6.14 Is it at all possible to have peace everywhere? Can I contribute? How should we react to genocide, dictatorship, annexation or arms trade?
Peace is more than just a balance of power between enemies: it is an enterprise of justice that involves all humanity. Humanly it may seem impossible that one day there will be peace in all the world. But the God of peace wants to be with us at this moment (Rom 15:33). Jesus wants to bring us his peace (Jn 14:27). We can indeed contribute to peace in the world, in the first place by spreading peace around us (Mt 5:9).
The defence of the weak, poor and marginalised is an essential Christian duty. So if standing up against genocide, dictatorship, annexation or arms trade can be seen this way, it is our duty to do so. We can even use an appropriate measure of violence. The main question is what means are acceptable: when is war justified, you could say? As war is always a defeat of humanity, we are all called to strive for a just peace[>M.1].
Why is legitimate defense not opposed to the respect for life?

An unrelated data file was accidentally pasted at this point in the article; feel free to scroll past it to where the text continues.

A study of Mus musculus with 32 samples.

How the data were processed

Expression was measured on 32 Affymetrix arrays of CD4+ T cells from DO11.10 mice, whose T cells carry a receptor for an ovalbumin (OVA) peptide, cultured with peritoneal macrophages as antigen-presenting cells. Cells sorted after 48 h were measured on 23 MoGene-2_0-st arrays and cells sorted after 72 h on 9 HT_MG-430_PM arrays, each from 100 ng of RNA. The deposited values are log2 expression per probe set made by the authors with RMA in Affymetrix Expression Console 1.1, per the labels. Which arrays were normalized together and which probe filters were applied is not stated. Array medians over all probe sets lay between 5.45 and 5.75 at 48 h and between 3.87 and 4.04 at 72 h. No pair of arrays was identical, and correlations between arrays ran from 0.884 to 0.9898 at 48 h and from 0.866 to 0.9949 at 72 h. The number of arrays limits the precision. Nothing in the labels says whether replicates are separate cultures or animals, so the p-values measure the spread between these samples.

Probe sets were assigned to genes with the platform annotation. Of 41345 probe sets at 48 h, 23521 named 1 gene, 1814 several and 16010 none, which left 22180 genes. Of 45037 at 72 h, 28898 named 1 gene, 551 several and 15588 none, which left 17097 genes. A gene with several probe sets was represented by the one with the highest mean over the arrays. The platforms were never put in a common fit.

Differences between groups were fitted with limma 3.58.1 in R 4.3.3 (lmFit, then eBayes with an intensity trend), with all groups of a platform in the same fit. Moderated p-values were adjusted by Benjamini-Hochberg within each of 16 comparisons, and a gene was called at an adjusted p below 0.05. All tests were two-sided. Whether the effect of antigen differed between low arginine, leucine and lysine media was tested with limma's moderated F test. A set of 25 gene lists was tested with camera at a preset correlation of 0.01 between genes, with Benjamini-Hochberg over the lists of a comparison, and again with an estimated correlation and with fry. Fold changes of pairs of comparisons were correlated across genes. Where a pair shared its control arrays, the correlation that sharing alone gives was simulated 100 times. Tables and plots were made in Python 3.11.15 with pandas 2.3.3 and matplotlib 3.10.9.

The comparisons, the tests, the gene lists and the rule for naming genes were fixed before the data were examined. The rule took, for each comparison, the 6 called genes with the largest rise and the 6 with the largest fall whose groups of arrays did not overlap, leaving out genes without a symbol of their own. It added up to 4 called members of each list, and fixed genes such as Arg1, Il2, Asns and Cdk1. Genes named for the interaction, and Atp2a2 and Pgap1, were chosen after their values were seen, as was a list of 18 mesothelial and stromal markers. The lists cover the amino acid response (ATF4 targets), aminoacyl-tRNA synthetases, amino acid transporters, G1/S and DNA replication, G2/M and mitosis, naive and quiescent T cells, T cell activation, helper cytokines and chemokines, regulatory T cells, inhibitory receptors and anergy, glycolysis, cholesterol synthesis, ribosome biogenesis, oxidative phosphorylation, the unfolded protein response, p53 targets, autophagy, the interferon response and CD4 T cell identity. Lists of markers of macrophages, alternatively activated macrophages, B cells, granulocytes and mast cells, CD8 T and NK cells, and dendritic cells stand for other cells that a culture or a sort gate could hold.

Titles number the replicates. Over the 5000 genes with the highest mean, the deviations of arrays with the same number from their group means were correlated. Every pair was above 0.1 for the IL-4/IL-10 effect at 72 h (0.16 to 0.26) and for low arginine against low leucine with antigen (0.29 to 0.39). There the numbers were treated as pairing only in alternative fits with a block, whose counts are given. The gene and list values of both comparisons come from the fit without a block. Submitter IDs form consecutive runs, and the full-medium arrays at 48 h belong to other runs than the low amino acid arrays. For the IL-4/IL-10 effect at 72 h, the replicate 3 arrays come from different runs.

Because in choosing to legitimately defend oneself one is respecting the right to life (either one’s own right to life or that of another) and not choosing to kill. Indeed, for someone responsible for the life of another, legitimate defense can be not only a right but a grave duty, provided only that disproportionate force is not used [CCCC 467].
What is peace in this world?
Peace in this world, which is required for the respect and development of human life, is not simply the absence of war or a balance of power between adversaries. It is “the tranquility of order” (Saint Augustine), “the work of justice” (Isaiah 32:17) and the effect of charity. Earthly peace is the image and fruit of the peace of Christ [CCCC 481].
What is required for earthly peace?
Earthly peace requires the equal distribution and safeguarding of the goods of persons, free communication among human beings, respect for the dignity of persons and peoples, and the assiduous practice of justice and fraternity [CCCC 482].
The arms race wastes precious resources that could be better used to benefit the integral development of peoples and to protect the natural environment. In a world where millions of children and families live in inhumane conditions, the money that is squandered and the fortunes made through the manufacture, upgrading, maintenance and sale of ever more destructive weapons, are an affront crying out to heaven. A world of peace, free from nuclear weapons, is the aspiration of millions of men and women everywhere [Pope Francis, On nuclear weapons, 24 Nov. 2019].